Daniel J. Siegel, M.D. & Mary, Hartzell, M.Ed.


Multigenerational trauma, also known as transgenerational or intergenerational trauma, is the concept that trauma can be passed down from one generation to the next. This form of trauma is evidenced through communication, parenting style, parenting warmth, attachment, conflict patterns, and more. While we might think of trauma as the type of events that make headlines, in reality, we all experience some sort of trauma in our lives, sometimes just from the parenting style that we experienced as children. In Parenting from the Inside Out, Dr. Siegel and Dr. Harzell combine attachment research and neurobiology to address how our past experiences shape our parenting. The book also offers concrete methods to begin the healing process, opening a path to more attuned parenting.


TRIGGER WARNING: The book contains anecdotes involving survivors of child abuse, sexual abuse, and combat. 



Multigenerational trauma: “Our childhood experiences may have involved trauma and loss in some form. Resolution of trauma and loss requires an understanding of the low road and its connections to patterns of experiences from the past. The passing of unresolved issues from generation to generation produces and perpetuates unnecessary emotional suffering. If our own issues remain unresolved, there is a strong possibility that the disorganization within our minds can create disorganization in our children’s minds. It is important to recognize that each of us may have leftover issues that create vulnerabilities that don’t become apparent until we raise or work with children.”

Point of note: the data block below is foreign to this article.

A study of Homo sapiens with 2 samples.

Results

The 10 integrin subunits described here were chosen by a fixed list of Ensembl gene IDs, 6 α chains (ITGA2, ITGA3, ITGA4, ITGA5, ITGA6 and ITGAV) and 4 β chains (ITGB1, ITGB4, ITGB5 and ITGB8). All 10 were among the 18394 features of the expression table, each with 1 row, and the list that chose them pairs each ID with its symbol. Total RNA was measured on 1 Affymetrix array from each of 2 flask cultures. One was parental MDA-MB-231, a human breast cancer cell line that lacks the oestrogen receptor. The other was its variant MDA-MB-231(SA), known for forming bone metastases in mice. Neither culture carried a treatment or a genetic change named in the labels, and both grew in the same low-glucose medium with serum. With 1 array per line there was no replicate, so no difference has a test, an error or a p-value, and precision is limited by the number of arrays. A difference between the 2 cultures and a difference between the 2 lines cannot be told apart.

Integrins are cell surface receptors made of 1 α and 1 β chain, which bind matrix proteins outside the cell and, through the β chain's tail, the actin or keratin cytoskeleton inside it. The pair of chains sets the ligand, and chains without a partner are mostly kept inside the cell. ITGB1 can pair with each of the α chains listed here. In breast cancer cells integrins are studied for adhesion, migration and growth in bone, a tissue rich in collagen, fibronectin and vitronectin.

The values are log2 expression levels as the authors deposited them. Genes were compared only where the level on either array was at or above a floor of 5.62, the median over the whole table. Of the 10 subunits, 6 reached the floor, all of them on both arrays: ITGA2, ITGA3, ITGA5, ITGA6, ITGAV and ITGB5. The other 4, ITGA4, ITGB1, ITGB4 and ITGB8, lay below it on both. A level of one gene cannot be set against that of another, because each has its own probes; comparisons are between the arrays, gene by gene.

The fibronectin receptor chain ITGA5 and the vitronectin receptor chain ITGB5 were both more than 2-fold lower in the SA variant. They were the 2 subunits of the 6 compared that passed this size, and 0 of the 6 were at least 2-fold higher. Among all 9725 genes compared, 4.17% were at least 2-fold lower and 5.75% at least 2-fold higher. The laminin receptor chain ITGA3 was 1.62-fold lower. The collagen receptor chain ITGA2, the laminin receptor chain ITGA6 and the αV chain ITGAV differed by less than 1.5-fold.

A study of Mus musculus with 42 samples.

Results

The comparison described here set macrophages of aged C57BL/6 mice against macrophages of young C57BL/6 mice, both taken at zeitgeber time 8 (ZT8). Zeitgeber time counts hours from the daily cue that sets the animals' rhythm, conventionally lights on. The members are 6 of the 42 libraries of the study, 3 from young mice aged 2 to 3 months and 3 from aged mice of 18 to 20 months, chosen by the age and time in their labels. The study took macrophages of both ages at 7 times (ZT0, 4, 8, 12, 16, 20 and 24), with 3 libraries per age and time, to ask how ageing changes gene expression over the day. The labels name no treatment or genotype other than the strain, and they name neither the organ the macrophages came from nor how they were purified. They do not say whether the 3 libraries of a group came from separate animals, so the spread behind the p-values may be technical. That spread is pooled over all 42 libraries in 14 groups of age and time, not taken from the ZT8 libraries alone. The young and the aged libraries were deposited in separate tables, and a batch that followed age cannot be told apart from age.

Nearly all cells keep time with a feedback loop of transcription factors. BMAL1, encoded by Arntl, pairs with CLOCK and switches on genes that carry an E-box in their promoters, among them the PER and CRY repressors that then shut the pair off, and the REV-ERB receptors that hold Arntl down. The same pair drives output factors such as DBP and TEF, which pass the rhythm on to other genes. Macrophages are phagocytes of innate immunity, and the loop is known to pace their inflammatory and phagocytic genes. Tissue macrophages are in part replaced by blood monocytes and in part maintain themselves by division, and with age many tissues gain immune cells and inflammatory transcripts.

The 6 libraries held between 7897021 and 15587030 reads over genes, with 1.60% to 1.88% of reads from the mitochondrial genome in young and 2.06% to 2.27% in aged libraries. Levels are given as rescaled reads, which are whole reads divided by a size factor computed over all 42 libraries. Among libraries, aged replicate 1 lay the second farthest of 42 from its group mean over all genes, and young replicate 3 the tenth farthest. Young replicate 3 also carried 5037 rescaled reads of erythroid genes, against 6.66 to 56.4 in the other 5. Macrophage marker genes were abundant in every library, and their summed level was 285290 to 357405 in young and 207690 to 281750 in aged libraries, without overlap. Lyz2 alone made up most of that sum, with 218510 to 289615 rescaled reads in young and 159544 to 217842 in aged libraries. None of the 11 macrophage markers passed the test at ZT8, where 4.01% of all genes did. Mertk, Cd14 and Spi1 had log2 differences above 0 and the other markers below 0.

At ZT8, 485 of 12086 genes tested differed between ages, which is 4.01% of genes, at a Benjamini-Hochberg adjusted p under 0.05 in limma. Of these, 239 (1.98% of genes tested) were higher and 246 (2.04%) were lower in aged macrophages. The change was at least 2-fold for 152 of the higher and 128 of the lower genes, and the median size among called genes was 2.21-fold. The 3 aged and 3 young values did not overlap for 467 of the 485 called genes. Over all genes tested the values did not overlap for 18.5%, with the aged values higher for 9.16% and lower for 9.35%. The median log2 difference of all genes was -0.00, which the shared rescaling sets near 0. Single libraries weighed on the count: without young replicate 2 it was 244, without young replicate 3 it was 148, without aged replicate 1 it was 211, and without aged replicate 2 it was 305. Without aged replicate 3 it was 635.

The importance of repair in our relationships with our children: “Sometimes relationships with children become filled with tension. Parents don’t always like their children, or feel positively toward them, especially when their children are acting in ways that make the parents’ life more difficult. Being compassionate toward your own emotional experience enables you to accept these challenging altercations with your children with less distress and self-recrimination. Sometimes, a parent’s sense of guilt at her own anger toward her child can prevent her from being aware of, or even caring about, a ruptured connection. Unfortunately, this guilt can block the initiation of repair and deepen the distance between parent and child. Having self-understanding about these processes can open the important door to reconnection.” 


Compassion & self-compassion: “We just like our children, are doing the best we can at that point in time and like them we are learning more respectful ways to communicate.”